Muslim beauty pageant created by Bexley resident touts modesty
Maghrib Shahid grew up watching pageants on TV, dreaming that one day, she could compete in one.
It was a dream she ultimately gave up.
"As I got older, I never saw anyone who looked like me," said Shahid, 39, a Bexley resident. "That dream just got slimmer and slimmer and slimmer."
So in 2016, she set out to create her own pageant specifically for women like her -- Muslim women who dress modestly and wear a hijab (a head covering worn by Muslim women).
"I wanted to show Muslim women that they're not alone and create a platform that celebrates the hijab, that empowers Muslim women who chose to wear the hijab," Shahid said.
Shahid is planning the fourth annual Miss Muslimah USA pageant, set for Aug. 27 in Detroit, with social-distancing measures and mask requirements.
Shahid held the first pageant in summer 2017 at COSI Columbus and did it all on what she called a "shoestring budget," using the money she had saved from sales of her modest clothing collection, Chimiwear, which she started in 2013 and found success selling on Facebook. Her savings originally were dedicated to her nine children, but she felt that this cause needed her attention more.
She said she initially struggled to gain support from the Muslim community, which, Shahid thinks, got caught up in pageantry stereotypes.
"When you think about pageantry, you think about skin, and Muslim women are not allowed to show certain parts of their bodies," Shahid said.
But Shahid has catered the pageant's events to fit the values and styles of modest Muslim women. Fifteen contestants, ages 17 to 30, compete in five categories: abayah, a robe-like dress; burkini, a modest swimsuit that covers the whole body except hands, feet and face; modest evening gown; talent; and speech.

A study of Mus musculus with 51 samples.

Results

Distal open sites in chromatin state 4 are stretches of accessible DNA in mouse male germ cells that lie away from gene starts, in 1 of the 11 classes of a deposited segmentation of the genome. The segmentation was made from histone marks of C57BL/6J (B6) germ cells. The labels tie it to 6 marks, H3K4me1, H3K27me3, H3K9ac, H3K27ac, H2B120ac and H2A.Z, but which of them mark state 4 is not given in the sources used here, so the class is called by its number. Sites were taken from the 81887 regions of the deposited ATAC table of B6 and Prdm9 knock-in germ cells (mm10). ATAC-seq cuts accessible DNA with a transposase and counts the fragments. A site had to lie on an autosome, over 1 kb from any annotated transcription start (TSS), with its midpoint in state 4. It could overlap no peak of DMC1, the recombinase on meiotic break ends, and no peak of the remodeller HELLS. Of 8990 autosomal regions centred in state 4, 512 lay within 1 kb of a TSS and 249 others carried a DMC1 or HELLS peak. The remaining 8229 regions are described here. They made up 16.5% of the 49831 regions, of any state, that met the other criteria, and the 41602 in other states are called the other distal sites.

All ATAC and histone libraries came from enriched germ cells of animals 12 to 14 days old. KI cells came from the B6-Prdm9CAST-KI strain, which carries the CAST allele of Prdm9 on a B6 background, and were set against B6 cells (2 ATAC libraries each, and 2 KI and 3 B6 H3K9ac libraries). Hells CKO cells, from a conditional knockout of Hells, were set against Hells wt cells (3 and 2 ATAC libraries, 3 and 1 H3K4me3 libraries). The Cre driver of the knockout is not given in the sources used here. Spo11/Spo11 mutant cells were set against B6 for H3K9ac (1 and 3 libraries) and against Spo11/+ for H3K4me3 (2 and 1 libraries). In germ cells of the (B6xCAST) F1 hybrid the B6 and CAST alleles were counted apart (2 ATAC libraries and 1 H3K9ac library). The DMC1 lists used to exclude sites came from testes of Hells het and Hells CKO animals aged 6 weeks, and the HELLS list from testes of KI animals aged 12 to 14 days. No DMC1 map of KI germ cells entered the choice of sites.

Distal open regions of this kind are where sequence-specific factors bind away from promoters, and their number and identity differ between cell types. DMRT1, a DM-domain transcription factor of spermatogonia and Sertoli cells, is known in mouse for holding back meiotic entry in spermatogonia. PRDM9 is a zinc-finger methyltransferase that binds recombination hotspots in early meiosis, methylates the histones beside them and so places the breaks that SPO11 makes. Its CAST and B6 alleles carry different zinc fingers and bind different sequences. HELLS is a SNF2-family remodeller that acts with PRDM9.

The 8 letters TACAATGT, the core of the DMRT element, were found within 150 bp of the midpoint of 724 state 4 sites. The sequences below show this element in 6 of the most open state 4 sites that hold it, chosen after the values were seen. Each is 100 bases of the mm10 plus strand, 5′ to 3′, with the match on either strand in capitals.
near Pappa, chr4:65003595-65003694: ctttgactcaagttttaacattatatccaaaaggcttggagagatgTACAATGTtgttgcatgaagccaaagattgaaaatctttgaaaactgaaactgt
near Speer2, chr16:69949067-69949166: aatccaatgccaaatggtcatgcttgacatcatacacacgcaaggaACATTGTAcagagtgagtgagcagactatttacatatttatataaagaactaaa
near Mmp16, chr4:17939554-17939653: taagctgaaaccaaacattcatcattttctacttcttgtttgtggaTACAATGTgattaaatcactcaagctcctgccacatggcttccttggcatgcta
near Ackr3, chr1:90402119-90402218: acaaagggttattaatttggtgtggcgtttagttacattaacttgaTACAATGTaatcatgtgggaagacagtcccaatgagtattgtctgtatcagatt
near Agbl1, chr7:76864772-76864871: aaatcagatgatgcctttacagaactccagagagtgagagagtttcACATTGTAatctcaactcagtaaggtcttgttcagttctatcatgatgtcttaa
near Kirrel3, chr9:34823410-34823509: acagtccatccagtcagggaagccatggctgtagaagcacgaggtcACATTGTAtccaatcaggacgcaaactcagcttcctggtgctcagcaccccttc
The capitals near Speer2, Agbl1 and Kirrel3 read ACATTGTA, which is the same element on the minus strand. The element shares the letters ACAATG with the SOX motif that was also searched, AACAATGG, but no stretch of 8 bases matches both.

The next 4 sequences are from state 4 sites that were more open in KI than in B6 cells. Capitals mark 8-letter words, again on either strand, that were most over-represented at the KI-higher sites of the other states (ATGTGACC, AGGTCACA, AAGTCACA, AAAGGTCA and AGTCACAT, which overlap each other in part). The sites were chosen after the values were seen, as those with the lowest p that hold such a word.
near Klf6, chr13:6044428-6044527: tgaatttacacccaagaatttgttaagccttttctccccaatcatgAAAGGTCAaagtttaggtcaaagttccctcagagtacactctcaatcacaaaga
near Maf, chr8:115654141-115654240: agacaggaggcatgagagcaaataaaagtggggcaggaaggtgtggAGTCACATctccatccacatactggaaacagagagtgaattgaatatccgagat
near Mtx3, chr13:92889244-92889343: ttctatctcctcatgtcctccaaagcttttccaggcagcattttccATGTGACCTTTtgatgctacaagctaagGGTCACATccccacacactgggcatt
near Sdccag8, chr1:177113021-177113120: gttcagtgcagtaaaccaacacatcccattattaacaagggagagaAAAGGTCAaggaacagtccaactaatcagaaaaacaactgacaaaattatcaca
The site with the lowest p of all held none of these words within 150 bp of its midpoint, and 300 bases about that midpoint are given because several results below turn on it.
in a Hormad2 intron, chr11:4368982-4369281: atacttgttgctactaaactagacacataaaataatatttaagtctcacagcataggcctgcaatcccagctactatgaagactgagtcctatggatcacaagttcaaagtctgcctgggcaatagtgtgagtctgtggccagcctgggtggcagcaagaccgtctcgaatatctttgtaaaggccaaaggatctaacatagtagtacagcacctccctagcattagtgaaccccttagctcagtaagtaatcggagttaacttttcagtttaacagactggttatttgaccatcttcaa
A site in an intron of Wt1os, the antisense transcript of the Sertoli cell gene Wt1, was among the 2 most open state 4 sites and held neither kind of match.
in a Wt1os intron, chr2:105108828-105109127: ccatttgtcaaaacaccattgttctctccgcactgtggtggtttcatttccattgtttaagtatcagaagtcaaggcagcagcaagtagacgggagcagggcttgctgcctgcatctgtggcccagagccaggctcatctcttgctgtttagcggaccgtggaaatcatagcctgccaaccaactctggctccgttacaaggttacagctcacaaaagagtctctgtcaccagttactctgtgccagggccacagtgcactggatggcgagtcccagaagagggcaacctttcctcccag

For the speech portion, every contestant answers the same question: "If you are crowned Miss Muslimah USA, how would you use your title to change the stereotypes around Muslims in the USA?"
Halima Yasin Abdullahi, a Northland resident who won Miss Muslimah USA 2017 as a 20-year-old, emphasized the importance of education.
"The way to remedy ignorance is by educating others," Abdullahi said. "I felt that we needed to do our part as Muslim women to educate others about the hijab. It's one thing to complain about the ignorance of other people, but (it's) another thing to actually answer their questions and open up a dialogue."
For the first pageant, the winner received $5,000, much of which was funded by Shahid's sales from her clothing collection. That amount since has been lowered to $1,000, supported by contestant registration fees and ticket sales. Shahid said she hopes to offer a $5,000 scholarship in the future.
In addition to the prize money, for the past two years, Shahid has partnered with the modest wear brand, PFH (Perfect for Her), to give the titleholder and runner-up a VIP experience at the annual PFH Modest Fashion Convention in Los Angeles. Recipients typically are flown out for three days and attend dinners, receive gifts and walk in the convention's modest-wear fashion show; this year it will take place virtually in advance of the pageant.
"It puts on the pedestal a woman who is entirely clad and shows that you don't have to show your skin and compromise your values to be recognized as beautiful," said Hassanah El-Yacoubi, 31, founder of PFH. "It's really empowering to watch these women to be on stage and be able to pursue what would be a dream of theirs to win this type of competition, but doing it in a way that is true to their values and true to their belief systems."
Participating in the pageant helped Abdullahi feel more comfortable about her identity, she said.
"I should be proud of who I am," Abdullahi said. "I should embrace my skin tone; I should embrace my features; I should embrace my hijab. I've definitely gained a lot of confidence."
Those interested in participating should apply at missmuslimahusa.net.
Shahid said she hopes the pageant continues to be a means of lifting up Muslim women so young girls who dream of being in pageants like she did don't feel like they have to give up.
"I'm able to live my dream through these women," she said. "That there is everything for me."